The unnecessary debate over the bathrooms
State Senator Tom Casperson, a Republican from Escanaba, wants the voters to send him to Congress next year. He’s served almost twelve years in the legislature, and ought to know something about Michigan and its problems. And, he hopes to do something about one of them before he leaves Lansing.
You might think our major problems were things like Detroit’s collapsing schools and the unaffordability of higher education, or our bloated and hugely expensive prison system. There’s the fact that our roads are still falling apart despite the legislature’s passing a grossly inadequate scheme to fix them last year.
And then there is Flint, and the state’s crumbling infrastructure.
But those things aren’t what motivate Casperson. No, he wants to introduce a bill that would force Michigan students to “only use bathrooms and locker rooms matching their birth” sex, unless they have written consent from a parent.
Even then, transgender students couldn’t use the bathrooms of their choice, quote, “if those facilities are in use or could be in use,” which is to say, all the time.
During a recent interview on this station, Casperson confessed he was really bothered by the idea of children of the opposite sex sharing the same bathroom.
Well, I knew what liberals would think about that, so yesterday I talked to a conservative, a 63-year-old automotive engineer from Howell, who has been very active in the Republican Party, identifies as an evangelical Christian, and once nearly ran for the legislature.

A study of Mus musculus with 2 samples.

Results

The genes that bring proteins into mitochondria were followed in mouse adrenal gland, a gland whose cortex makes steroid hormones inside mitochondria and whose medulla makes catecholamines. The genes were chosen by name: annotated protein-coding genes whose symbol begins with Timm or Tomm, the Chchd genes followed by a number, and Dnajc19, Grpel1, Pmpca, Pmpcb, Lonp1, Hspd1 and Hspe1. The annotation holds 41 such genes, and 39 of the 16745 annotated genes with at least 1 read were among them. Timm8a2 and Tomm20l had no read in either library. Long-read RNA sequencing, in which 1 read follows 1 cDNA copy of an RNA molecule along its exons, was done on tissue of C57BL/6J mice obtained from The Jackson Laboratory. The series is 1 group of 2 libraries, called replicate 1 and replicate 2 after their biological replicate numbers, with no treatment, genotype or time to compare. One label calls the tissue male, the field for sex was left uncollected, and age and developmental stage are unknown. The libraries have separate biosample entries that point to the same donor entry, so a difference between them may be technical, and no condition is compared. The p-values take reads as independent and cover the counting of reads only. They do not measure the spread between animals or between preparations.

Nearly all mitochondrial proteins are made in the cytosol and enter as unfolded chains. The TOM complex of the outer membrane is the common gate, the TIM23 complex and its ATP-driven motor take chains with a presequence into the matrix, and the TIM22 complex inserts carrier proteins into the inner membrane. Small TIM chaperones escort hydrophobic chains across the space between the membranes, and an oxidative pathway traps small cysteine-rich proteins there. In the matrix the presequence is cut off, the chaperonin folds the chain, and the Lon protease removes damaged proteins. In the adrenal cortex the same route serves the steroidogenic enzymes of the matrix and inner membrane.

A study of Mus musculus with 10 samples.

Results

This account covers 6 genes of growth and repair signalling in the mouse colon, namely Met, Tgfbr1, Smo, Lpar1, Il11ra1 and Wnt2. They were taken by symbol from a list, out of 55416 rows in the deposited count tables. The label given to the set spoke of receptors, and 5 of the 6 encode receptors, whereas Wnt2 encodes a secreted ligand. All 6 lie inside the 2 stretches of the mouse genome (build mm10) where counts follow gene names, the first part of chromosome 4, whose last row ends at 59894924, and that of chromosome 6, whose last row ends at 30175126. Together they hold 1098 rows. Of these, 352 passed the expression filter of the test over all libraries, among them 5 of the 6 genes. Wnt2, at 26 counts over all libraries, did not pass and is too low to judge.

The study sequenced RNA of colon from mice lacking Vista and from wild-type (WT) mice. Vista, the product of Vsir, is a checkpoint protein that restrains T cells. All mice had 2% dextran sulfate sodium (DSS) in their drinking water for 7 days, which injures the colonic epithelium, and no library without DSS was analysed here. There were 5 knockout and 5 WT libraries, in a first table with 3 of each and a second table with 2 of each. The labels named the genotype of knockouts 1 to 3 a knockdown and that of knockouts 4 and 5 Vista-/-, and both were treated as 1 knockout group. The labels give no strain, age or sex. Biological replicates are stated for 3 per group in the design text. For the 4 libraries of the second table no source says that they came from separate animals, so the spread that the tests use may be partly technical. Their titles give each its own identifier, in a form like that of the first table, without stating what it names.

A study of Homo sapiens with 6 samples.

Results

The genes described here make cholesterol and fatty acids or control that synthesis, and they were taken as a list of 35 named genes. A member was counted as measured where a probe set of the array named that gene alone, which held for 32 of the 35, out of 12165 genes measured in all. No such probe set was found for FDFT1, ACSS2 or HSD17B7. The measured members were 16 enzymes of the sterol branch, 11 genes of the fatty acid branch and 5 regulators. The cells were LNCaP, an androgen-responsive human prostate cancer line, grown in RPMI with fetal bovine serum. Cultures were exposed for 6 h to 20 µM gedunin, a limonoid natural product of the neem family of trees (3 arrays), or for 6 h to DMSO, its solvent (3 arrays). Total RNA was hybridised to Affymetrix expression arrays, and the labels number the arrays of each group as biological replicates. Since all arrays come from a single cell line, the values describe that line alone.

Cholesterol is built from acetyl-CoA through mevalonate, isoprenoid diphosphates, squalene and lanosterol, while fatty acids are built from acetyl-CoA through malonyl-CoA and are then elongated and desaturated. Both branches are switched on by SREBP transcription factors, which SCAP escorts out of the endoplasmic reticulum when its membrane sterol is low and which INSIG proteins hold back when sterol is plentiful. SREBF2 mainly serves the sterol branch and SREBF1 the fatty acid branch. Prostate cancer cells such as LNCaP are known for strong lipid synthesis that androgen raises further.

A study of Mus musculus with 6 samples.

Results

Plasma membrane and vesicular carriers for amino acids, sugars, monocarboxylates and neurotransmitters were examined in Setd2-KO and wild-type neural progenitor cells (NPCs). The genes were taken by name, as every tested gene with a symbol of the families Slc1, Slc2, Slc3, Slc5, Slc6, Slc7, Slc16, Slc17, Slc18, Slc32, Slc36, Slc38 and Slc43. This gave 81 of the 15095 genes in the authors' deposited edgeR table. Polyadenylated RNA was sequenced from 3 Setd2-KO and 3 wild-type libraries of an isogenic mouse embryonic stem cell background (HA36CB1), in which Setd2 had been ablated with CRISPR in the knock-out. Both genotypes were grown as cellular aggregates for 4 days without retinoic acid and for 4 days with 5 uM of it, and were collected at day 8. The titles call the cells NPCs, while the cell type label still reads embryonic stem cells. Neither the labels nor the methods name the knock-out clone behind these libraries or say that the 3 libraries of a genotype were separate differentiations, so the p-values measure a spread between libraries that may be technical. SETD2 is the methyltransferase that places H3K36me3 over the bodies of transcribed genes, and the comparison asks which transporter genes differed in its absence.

Casperson is undoubtedly motivated by “fear and ignorance,” the engineer said. “The idea that people go the bathroom to look at other people, or worse.”
My conservative engineer should know something about that. Jayne Locke worked for Ford Motor Company for nearly 30 years, until she lost her job as a product development engineer when the great automotive downsizing kicked in.
But for most of that time, Jayne Locke was Jay Locke. Yes, she is transgender. She doesn’t think this is why she lost her Ford job, but thinks it’s why she has had great difficulty finding one since. Locke is hardly a slouch as an engineer; she holds two patents, one for a superior form of metal armor.
Her life hasn’t been easy. She only went public with who she was a few years ago; before that, though she always felt that she was a woman, she married twice and has two biological sons. Today, her relationship with them is difficult.
However, perhaps surprisingly, she said that most people where she lives have been accepting and supportive. Not so much the transgender community, however; there aren’t a lot of conservatives or committed Christians there. I told her I thought she was a brave person.
She replied, “it took more bravery to live acting a role in a play I never wanted or chose to be in for 57 years.” What she would like is for people to know that trans people are just as diverse as any other community. They don’t all like the same food or vote the same way.
And she’d like Senator Casperson and his colleagues to know that they don’t go to the bathroom to bother people, they go for the same reasons we all do.
They just don’t want to be bullied while they are there.
Jack Lessenberry is Michigan Radio's political analyst. Views expressed in his essays are his own and do not necessarily reflect those of Michigan Radio, its management or the station licensee, The University of Michigan.